Massage has shown some promise for strengthening immune systems. In general, massage decreases T-cell activity and increases cytotoxic activity, both of which can help people with immune systems compromised by illnesses. Massage increases the levels of white blood cells, those responsible for responding to infection.
HIV-exposed babies gained weight faster and HIV-positive children showed strengthened immune systems with regular massage sessions. Massage therapy will not replace antiretroviral therapy, but can be a useful addition to drugs.
Another study of massage in children with leukaemia showed that children who had massage added to their treatment regimen had higher white blood cell counts than children who only received standard cancer treatment protocols. The massaged children also showed less stress in response to their standard treatments. The parents in this study were trained in correct techniques for massage. Chemotherapy can make tissue more delicate, increasing the risk of injury during a massage.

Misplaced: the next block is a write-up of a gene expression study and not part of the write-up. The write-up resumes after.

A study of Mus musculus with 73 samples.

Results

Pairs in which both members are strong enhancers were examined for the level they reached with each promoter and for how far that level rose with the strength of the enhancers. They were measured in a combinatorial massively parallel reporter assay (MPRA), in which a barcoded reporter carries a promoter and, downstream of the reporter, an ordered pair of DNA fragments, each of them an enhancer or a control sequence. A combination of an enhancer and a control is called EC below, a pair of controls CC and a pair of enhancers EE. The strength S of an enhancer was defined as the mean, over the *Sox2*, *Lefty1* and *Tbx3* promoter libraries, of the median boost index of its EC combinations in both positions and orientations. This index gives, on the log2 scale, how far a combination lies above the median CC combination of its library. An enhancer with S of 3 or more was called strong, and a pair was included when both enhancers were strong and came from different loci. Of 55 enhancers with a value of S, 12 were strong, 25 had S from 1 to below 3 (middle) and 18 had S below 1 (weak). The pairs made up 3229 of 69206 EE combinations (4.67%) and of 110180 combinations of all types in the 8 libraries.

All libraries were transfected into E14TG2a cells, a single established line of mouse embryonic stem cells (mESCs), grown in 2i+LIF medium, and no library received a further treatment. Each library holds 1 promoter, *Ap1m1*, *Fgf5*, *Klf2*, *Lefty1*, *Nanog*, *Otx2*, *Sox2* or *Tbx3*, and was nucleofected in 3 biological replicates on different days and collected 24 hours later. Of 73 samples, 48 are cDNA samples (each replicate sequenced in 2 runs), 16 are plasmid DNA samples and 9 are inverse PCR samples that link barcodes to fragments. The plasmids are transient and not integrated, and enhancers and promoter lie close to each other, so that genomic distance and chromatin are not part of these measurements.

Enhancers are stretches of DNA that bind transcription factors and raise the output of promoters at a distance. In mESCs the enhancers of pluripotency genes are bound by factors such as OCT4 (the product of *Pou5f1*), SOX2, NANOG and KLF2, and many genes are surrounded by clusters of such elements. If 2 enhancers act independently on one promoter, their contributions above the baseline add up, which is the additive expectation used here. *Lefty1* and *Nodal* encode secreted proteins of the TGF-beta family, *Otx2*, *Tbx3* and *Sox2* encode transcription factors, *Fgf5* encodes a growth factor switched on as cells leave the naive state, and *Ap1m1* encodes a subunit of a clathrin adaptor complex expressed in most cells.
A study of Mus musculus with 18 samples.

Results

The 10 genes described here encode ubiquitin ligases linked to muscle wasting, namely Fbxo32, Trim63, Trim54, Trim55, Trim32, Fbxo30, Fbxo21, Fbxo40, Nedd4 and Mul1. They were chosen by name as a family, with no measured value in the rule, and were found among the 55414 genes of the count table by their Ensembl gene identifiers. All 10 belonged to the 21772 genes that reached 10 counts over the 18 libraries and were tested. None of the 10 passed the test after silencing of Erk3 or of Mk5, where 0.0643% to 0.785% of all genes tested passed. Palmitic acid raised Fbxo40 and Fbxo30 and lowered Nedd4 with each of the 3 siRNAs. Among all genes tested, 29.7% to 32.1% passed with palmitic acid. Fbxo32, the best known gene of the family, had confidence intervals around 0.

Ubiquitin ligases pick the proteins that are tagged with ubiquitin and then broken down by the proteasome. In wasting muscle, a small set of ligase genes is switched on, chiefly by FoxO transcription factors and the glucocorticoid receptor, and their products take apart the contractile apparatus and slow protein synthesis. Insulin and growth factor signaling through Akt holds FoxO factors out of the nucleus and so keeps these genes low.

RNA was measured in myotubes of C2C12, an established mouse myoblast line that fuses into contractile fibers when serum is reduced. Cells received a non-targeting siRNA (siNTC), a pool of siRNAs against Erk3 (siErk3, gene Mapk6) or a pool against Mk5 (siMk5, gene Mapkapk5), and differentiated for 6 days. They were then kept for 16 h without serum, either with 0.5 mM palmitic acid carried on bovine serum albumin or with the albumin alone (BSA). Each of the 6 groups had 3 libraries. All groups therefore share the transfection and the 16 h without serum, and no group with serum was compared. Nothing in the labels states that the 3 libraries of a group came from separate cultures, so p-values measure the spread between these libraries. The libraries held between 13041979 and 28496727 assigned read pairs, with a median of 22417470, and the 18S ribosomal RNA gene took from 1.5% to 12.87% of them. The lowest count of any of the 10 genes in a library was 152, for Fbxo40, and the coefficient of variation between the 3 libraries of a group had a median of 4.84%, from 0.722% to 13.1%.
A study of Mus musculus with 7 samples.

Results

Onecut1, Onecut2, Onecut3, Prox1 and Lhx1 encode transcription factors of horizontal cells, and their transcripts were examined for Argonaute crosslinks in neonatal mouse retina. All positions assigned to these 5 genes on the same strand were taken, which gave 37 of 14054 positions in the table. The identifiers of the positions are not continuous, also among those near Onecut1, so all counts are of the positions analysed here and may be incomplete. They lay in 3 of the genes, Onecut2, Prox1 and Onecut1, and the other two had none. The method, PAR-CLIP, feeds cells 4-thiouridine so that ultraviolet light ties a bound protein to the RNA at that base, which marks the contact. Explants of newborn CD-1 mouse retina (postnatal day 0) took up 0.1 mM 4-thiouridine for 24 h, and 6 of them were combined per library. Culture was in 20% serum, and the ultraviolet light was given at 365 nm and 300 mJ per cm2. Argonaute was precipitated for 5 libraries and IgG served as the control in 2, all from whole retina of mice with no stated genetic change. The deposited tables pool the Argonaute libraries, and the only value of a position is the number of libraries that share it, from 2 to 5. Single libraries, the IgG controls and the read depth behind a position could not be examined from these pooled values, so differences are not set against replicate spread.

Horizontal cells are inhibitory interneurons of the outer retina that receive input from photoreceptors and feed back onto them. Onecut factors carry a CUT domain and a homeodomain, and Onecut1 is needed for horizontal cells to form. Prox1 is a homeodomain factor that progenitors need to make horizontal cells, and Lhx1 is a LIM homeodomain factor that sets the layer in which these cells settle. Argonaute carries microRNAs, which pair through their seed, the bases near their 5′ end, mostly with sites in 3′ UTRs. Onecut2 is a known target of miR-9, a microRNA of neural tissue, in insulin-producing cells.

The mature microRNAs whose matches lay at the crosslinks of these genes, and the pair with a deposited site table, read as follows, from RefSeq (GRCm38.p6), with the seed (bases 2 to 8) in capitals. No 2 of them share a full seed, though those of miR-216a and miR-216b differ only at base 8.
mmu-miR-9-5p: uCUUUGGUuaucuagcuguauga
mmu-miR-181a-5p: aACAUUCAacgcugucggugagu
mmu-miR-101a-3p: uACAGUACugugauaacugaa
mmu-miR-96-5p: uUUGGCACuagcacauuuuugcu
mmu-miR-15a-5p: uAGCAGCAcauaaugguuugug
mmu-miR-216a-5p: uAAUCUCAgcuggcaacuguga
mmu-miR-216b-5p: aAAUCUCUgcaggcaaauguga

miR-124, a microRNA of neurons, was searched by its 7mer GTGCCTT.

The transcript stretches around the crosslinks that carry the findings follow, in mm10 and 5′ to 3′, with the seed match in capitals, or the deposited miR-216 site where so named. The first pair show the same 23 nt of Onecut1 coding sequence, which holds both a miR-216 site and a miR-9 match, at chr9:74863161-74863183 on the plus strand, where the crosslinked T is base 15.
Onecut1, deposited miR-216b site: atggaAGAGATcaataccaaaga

Not all cancers respond well to massage, and massage may even make certain cancers worse by stimulating movement of lymph, an avenue of metastasis. Cancer patients should seek out massage only from therapists trained in cancer massage.
Massage boosts the immune systems of healthy people, too. Massage encourages lymph flow, increasing the rate at which the lymph nodes filter wastes and impurities, including invading bacteria, out of the body. That, in turn, allows the body to fight infection more efficiently. However, massage during an active illness, such as a viral infection, can circulate the infection further in the body, so should be avoided during fevers and similar symptoms.